Record harvests this season will not be able to stymie the country’s growing agricultural farm debt challenges.
Agricultural Business Chamber (Agbiz) chief economist Wandile Sihlobo said this was despite the country having seen a large agricultural output, coupled with higher commodity prices, which were precipitated by the weaker rand, and growing global demand that improved farmers’ finances somewhat.
“The benefits of this improvement were also observed through robust agricultural machinery sales, with tractor sales for the first nine months of this year up slightly from the corresponding period in 2019. Yet the challenge of growing in the sector persists, as it will not be solved by one good harvest like the one we recently recorded, which was preceded by years of poor output in various provinces of the country,” said Sihlobo.
According to last year’s data from the Department of Agriculture, Land Reform and Rural Development, South Africa’s agricultural debt was at a record R187 billion, nearly a three-fold increase since 2010.
Agbiz said about 29 percent of this farm debt was held by the Land Bank and 61 percent by commercial banks with the balance spread among agricultural co-operatives, private persons and institutions.
The recent escalation of debt was attributed to the expansion of the area farmed, specifically in horticulture, and to some extent, the financial pressure brought about by frequent droughts, which had limited agricultural output.
Agbiz said although the levels of farm debt as a percentage of the agricultural gross value added were not as high as those seen before 1994, there were still growing concerns among various farmers that access to credit in the 2020/21 production season could prove to be a challenge.
Sihlobo said this was the case, despite the large harvest of the 2019/20 season.
The liquidity constraints facing the Land Bank, coupled with the general uncertainty brought about by Covid-19, had made financial institutions more risk-averse.
“There is anecdotal evidence from various farmer organisations and agribusinesses that previously worked closely with the Land Bank on providing finance to the sector who are now worried about the 2020/21 season.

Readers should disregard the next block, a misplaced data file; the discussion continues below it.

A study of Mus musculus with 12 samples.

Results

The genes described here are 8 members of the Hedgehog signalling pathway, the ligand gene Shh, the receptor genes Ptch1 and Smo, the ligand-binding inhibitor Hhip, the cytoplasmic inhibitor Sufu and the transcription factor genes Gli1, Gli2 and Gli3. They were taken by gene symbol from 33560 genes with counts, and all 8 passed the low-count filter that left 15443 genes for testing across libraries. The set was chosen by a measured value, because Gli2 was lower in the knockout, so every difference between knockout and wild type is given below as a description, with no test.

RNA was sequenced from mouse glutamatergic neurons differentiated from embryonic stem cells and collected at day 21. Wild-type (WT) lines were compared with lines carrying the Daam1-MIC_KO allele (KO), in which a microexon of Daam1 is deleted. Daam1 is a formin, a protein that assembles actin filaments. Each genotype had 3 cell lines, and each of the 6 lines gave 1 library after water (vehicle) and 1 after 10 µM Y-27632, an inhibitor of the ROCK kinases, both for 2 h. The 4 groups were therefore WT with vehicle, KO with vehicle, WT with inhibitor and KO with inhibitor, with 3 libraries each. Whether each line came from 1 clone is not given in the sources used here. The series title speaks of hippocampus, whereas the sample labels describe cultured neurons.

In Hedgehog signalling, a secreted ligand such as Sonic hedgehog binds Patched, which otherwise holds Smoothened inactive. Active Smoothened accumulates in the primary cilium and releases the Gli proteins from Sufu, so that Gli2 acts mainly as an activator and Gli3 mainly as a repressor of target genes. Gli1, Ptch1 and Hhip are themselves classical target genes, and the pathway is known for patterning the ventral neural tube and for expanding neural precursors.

“Land Bank’s involvement in South Africa’s agricultural sector is through various direct and indirect financial services dedicated to supporting both on- and off-farm agricultural activities and businesses, including input provision, land purchase, production, distribution, wholesale, processing and marketing,” he said.
Sihlobo said spillovers of the current liquidity challenge were particularly important, as the planting season began this month and farmers needed to acquire production inputs and implements.
While the scale of the problem on the farming sector was still unclear at this point about the upcoming season, the growing concerns from various interactions have introduced additional risks to the 2020/21 production season, he said.
Access to production finance in the sector was increasingly becoming a concern for farmers.
“The solution to this will begin by first addressing the liquidity challenges at the Land Bank, a responsibility which largely falls on the hands of the government, primarily the National Treasury and the Department of Agriculture, Land Reform and Rural Development, as the Bank’s Act mandates,” he said.
Southern African Agri Initiative chairperson Dr Theo de Jager said farmers were in dire straits. He said that a large portion of farmers depended on the Land Bank whose whole book was on farmers and took land as collateral.
He said many farmers were not coping under the current circumstances.
De Jager said the sector needed some form of a financial bridge that would aid its recovery.
“We need a patient and sympathetic capital that will provide loans over a longer time with softer (than normal) interest rates. Farmers are not asking for handouts but assistance so that they can farm their way out of these dire straits,” he said.